On New Year’s Eve, it took less than half a day for Folsom Street to be transformed into a literal river. Judging by the lack of warning and help from the city, residents and business owners in the heavily flooded Mission District knew that San Francisco was unprepared for what had just hit it.
Even worse, less than two days after extensive cleaning and pumping toxic water out of their buildings, they are bracing for an even bigger storm on Wednesday.
The city “is usually proactive about this stuff,” said James Lok, who has experienced four floods in his decade of owning and operating Ed Arroyo Auto Body. “But this time, there was no sign. It was just everyone for themselves. Where was the city?”
San Francisco, like the rest of Northern California, was slammed by an atmospheric river over the holiday weekend, and the five inches of rain that fell claimed the title of the second-rainiest day in city history. But low-lying parts of the Mission District were particularly hard hit.
When he noticed on Saturday afternoon that the rain wasn’t stopping, Lok quickly raced over to the shop from his residence in the Sunset to put up the metal flood barriers that he had ordered for exactly this type of situation. By the time he made it there, the water was already ankle-high inside.
“What people don’t realize is it doesn’t matter how much we block out front,” Lok explained as his staff prepared for the oncoming Wednesday storm. “It’s the backup of water that isn’t able to drain into [the sewage system], plus the rain up top [which leaks from the roof] that kills us from the inside.”
City Slams Bad Forecast
Business owners and residents on Folsom Street told The Standard that during previous downpours, that the city would normally send out ample warning notices and even put up street barricades to divert the water.
But this time, none of that came—except for a single pickup site, with a limited supply of sandbags.
City officials claim they were misled by the weather forecast.
“We were under the impression [by the National Weather Service] that we could anticipate not even an inch of rain [that weekend],” Mayor London Breed said at an emergency press conference on Tuesday afternoon. “The information we had was not sufficient in helping us prepare in the capacity we needed to respond to this issue.”
The Standard reached out to the National Weather Service for comment.
Speaking alongside the city’s fire chief, the Department of Emergency Management and Public Utilities Commission (SFPUC), the mayor urged residents to refrain from traveling outside once the Wednesday storm arrives and only call 911 in the event of a life-or-death emergency.
Residents and business owners that require assistance in dealing with flooding are urged to contact the non-emergency hotline 311 instead.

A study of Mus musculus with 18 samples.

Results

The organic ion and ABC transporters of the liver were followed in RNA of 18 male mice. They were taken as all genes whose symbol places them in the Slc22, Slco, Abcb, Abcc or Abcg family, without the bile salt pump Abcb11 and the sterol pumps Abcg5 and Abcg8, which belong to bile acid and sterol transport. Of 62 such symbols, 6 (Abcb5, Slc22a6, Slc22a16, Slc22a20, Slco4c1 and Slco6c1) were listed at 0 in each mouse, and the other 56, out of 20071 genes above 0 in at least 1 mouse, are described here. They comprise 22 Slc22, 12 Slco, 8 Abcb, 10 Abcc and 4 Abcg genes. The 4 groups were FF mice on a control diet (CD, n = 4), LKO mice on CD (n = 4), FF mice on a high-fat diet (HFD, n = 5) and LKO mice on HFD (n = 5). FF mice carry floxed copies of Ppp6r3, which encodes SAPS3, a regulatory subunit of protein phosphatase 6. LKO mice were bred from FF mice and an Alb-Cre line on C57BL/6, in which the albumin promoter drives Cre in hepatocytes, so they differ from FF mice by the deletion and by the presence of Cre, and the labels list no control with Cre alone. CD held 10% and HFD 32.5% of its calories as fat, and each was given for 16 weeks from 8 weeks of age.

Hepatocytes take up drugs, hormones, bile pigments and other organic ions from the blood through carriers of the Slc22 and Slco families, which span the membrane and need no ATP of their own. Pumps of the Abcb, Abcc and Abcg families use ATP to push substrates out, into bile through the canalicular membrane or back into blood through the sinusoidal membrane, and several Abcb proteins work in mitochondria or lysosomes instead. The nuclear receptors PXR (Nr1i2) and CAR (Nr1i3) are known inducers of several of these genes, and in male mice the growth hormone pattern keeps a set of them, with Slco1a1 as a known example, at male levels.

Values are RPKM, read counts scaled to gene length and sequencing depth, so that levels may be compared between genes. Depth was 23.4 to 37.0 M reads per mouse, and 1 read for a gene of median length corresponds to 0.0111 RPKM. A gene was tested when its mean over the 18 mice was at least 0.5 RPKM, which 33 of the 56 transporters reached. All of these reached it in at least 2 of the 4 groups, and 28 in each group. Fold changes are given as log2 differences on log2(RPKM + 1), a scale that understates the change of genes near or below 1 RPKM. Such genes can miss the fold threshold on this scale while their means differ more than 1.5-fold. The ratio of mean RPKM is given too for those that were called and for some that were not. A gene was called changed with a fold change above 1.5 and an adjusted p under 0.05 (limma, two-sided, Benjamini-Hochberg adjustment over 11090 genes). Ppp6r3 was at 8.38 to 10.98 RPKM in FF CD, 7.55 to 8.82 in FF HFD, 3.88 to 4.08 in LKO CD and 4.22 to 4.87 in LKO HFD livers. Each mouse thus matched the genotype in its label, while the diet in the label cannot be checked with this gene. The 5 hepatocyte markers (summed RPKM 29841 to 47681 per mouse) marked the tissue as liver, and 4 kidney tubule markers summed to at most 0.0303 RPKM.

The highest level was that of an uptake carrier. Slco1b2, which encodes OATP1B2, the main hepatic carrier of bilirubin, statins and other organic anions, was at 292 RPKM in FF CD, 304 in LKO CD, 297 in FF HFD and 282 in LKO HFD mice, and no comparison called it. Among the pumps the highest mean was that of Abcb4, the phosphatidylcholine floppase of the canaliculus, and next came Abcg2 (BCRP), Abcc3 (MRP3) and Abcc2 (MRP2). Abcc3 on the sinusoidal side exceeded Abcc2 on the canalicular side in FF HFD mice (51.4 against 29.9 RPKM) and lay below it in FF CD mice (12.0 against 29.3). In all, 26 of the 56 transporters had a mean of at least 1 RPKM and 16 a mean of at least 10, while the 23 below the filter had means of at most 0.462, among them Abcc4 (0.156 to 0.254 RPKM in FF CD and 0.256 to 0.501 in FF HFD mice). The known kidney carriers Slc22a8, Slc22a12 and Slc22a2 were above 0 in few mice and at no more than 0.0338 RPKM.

San Francisco will be on flood watch from 4 a.m. on Wednesday, Jan. 4, until 4 p.m. on Thursday, Jan. 5.
SF’s Sewers & Storm Drains
“Everyone on this street has been clamoring for the city to do something about the sewer system for years,” said the owner of El Tepa Taqueria, who gave his name only as Joe. “It floods even when the weather isn’t as bad.”
Since 2009, the Foster City resident has run his family’s business next door to Ed Arroyo Auto Body. He raced to his restaurant on Saturday and found it completely flooded.
“I just don’t know how many more times we can keep doing this,” he said as customers slowly trickled in, many asking if his business was still open.
All of New Year’s Day was spent pumping water out and sanitizing the kitchen and dining room in order to serve food again. He isn’t sure if El Tepa will open once the next storm arrives.
“The water damage is rotting the building to the point where it’s going to be hazardous for everybody,” he said.
According to SFPUC, which is in charge of water, power and sewer, the city’s sewer system handles roughly 80 million gallons a day of residential, commercial and industrial wastewater that is treated before being discharged into the bay or ocean. When it rains, that number can balloon up to 500 million gallons.
Moreover, aside from older sections of Downtown Sacramento—which is also experiencing its own severe flooding—San Francisco is the only city in the state served by a sewer system that collects both wastewater and stormwater in a single set of pipes.
When heavy flows hit bottlenecks in the system—such as the line near Folsom Street—sewage will force itself up onto neighborhood streets.
After a decade of hand-wringing with the Environmental Protection Agency and regional water board over whether its system was in compliance, the city was ordered to pay $600 million to upgrade the sewer system in low-lying neighborhoods such as the Mission. However, those projects are either still in the planning phase or not going to be completed until spring 2024.
When asked about those upgrades at the Tuesday press conference, Dennis Herrera, general manager of SFPUC, only said that they were underway and that the department would be operating “out of an abundance of caution” this week.
He urged residents to help the department clear clogged storm drains and take advantage of SFPUC’s Flood Water Management Grant Assistance Program.